CLEVELAND — It is possible that one of the most highly anticipated sports documentaries of all-time already lived up to the hype, despite viewers only having an opportunity to watch the first two of a 10-part series.
That was my first takeaway late Sunday evening after enjoying over two hours of the ESPN documentary ‘The Last Dance,’ an unmatched, behind the scenes glimpse into Michael Jordan and the Chicago Bulls’ 1997-1998 season.
I’m no film critic or cinematography expert, but clearly ESPN put an emphasis on fascinating raw footage most people have never had access to, as well as candid interviews with some of the biggest names in the game.
My second takeaway and perhaps the most glaring was how incredibly different today’s NBA is compared to the eras ‘The Last Dance’ took us back to on Sunday evening.
Not to sound like a know-it-all, but I believe most sports fans or viewers on Sunday understood the type of competitor and winner Jordan was. Yes, probably not the nicest guy, but his willingness to do whatever it takes to win, never-before-seen in all of professional sport.
Perhaps Bulls General Manager Jerry Krause and his arrogance that was revealed Sunday night was a memory refresher for some, while Scottie Pippen may finally be getting the respect he’s always deserved as Jordan’s ultimate teammate (while being grossly underpaid). Without Pippen, there probably would not be six titles. Just ask Jordan.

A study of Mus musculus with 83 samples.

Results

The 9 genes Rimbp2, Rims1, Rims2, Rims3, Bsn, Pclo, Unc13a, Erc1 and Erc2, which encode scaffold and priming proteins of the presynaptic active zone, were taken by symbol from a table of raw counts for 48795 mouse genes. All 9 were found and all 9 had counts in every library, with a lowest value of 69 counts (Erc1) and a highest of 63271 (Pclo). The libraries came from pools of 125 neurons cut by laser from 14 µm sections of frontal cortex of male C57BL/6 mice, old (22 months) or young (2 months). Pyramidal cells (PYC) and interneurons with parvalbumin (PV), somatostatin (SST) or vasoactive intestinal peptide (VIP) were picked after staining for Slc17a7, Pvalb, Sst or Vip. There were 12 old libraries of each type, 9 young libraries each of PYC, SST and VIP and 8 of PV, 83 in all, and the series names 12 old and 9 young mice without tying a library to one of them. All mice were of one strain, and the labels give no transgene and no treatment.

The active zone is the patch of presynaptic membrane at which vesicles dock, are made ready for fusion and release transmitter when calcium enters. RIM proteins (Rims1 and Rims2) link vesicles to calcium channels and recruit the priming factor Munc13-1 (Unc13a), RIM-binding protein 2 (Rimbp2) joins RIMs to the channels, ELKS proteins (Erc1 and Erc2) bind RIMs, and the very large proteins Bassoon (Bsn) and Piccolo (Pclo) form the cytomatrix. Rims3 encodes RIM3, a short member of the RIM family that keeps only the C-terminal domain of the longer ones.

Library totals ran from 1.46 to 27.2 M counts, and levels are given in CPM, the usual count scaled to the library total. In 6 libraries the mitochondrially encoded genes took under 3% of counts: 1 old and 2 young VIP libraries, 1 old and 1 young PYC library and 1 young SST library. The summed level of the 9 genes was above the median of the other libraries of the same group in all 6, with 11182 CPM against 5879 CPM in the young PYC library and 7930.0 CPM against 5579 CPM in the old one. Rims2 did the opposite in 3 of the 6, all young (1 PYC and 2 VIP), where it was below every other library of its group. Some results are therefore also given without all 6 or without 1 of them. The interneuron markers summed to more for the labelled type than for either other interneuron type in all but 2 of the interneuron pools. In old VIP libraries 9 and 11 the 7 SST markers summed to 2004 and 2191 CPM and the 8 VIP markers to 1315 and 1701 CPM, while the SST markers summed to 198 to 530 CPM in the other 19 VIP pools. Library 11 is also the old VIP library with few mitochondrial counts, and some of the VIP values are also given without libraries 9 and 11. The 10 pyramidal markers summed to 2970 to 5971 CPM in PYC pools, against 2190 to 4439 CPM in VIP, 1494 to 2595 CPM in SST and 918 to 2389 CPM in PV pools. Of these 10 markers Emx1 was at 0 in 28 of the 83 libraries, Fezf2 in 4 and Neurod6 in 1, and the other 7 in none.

But back to my second takeaway from Sunday night’s documentary.
How do I convey this without sounding like a crotchety, old man, that walked up hill both ways through five feet of snow to school and back home every day when I was younger? The NBA has changed so much since ‘The Last Dance’ 1997-1998 season that it hardly feels like the same sport. And while I hate to sound like “get off my lawn!” guy… that is what stayed with me the most.
I don’t know if it’s the fact that Pippen was making $3 million in one of his prime seasons, whereas Mike Conley Jr. made over $26 million last season. Or if it was being able to watch a fundamental basketball game again and not a three-point contest.
‘The Last Dance’ reminded us that “load management” is as ridiculous of an excuse to miss a game as it sounds, and it brought us back to when the regular season actually mattered.
It is why I have a difficult time comparing and debating Jordan vs. LeBron James. The eras they played in are so vastly different. Sure, LeBron’s Greek God-like body is incomparable. But MJ has six championship rings. But if we’re going off of titles, wouldn’t Bill Russell and his 11 titles take the cake?
You see? We can spin player vs. player debates for days, years, lifetimes. ‘The Last Dance’ further helped me realize how meaningless it is to compare, rather than simply appreciating their own greatness respectfully in two completely different eras of basketball.
In the end, perhaps it is money that has hurt the NBA. TV contracts are through the roof and average players are making more than ever. Good for them. But as the late, great, radio talk show host Pete Franklin used to say, “money will be the demise of professional sports.”
Perhaps Pete was right, again.
As Portland Trailblazers star point guard Damian Lillard tweeted out on Sunday while watching ‘The Last Dance’ from his official Twitter account @Dame_Lillard, “Mike really was different.”
And unfortunately for NBA fans today, so is the game. Much different.